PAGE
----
My YouTube Video: Christopher Marlowe's Head, Canterbury, Kent - May 2014 (00:20)
Updated news: August 2004
A biography is being attempted of Dennis Price, the patrician homosexual star of the black screen comedy Kind Hearts and Coronets, and later PG Wodehouse's favourite as Jeeves.
Would-be biographer Elliot J Huntley, 30, a former Labour canditate, has encountered opposition from the star's younger daughter, Tessa Burnett, 60, who wants no book written owing to Mr Price's frequently-expressed doubts over her paternity. Dennis Price's elder daughter, journalist Susan Mapp, 64. has long been estranged from her mother, his former wife, actress Joan Schofield. When the Dictionary of National Biography included Mr Price in 1993, Mrs Mapp wrote objecting to the description of her mother as 'the beautiful blonde actress'. Her mother's hair colouring, insisted Mrs Mapp, 'came out of a bottle'. Ouch!
Dennis Price (birth name Dennistoun Franklyn John Rose-Price, bit of a mouthful, good idea to shorten it) was born on the 23rd June 1915 at
Ruscombe, Berkshire, England.
This urbane, sourly handsome British actor was born to privilege and most of his roles would follow suit. The son of a brigadier-general, he was expected to abide by his family wishes and make a career for himself in the army or the church. Instead he became an actor.
First on stage (Oxford University Dramatic Society) where he debuted with John Gielgud in Richard II in 1937, he was further promoted in the theatre by Noel Coward.
After brief extra work, Price nabbed early star-making film roles in several Gainsborough melodramas, including the brilliant hypnotic A Canterbury Tale (1944), The Magic Bow (1946) and Hungry Hill (1947), but the one showcase role that could have led him to Hollywood, that of the title poet in The Bad Lord Byron (1948), proved a critical and commercial failure. He took this particularly hard and fell into severe depression.
His fatally charming serial murderer in Kind Hearts and Coronets (1949) in which he does Alec Guinness in eight times (Guinness played eight different roles) would probably his crowning achievement. However, by the 50s he was already suffering from severe alcoholism, which adversely affected his personal and professional career. A marriage to bit actress Joan Schofield in 1939 ended eleven years later, due to his alcohol problem and the fact that he was a closet homosexual. They had two daughters. He became less reliable and fell in ranking, moving into less quality "B" pictures.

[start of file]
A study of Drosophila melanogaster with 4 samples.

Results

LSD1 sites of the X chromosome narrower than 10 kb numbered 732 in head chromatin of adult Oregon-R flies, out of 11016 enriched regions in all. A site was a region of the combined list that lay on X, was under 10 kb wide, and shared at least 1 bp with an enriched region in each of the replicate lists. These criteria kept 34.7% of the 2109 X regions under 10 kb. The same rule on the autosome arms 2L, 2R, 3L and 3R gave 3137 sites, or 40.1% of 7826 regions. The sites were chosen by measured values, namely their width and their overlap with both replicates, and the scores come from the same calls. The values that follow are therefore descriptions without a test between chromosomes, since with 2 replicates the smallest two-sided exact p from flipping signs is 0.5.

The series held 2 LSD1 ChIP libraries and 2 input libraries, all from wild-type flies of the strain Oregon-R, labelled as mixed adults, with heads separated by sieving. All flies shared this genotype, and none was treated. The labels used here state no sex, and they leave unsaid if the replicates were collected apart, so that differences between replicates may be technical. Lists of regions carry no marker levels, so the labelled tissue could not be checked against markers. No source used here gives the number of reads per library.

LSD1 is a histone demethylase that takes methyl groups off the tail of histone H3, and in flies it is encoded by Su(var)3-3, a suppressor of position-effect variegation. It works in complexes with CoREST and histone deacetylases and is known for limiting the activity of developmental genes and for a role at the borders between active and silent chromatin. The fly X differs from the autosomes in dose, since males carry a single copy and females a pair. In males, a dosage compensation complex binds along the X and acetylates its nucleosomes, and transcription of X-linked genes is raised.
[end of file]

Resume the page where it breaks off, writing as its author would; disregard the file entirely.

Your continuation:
Eccentric comedy renewed his fading star a bit in such delightful farces as Private's Progress (1956), I'm All Right Jack (1959) and School for Scoundrels (1960), and TV saved him for a time in the 60s with the successful series The World of Wooster in which he played the butler, Jeeves.
But bad times resurfaced, filing bankruptcy in 1967 and moving to the remote Channel Island of Sark for refuge. Many of his roles were reduced to glorified cameos and the necessity for cash relegated him to appearing in campy "Z" grade cheapfests, many helmed by the infamous writer/director Jesus Franco, a sort of Spanish version of Ed Wood. Vampyros Lesbos (1970) was just one of his dreadful Franco entries. He also played Dr. Frankenstein for Franco Dracula vs. Frankenstein (1972) and the Erotic Rites of Frankenstein (1973).
Fully bloated and in delicate health, he died in 1973 at age 58 in a public ward from liver cirrhosis. A sad ending for one who was very nearly Britain's biggest film star.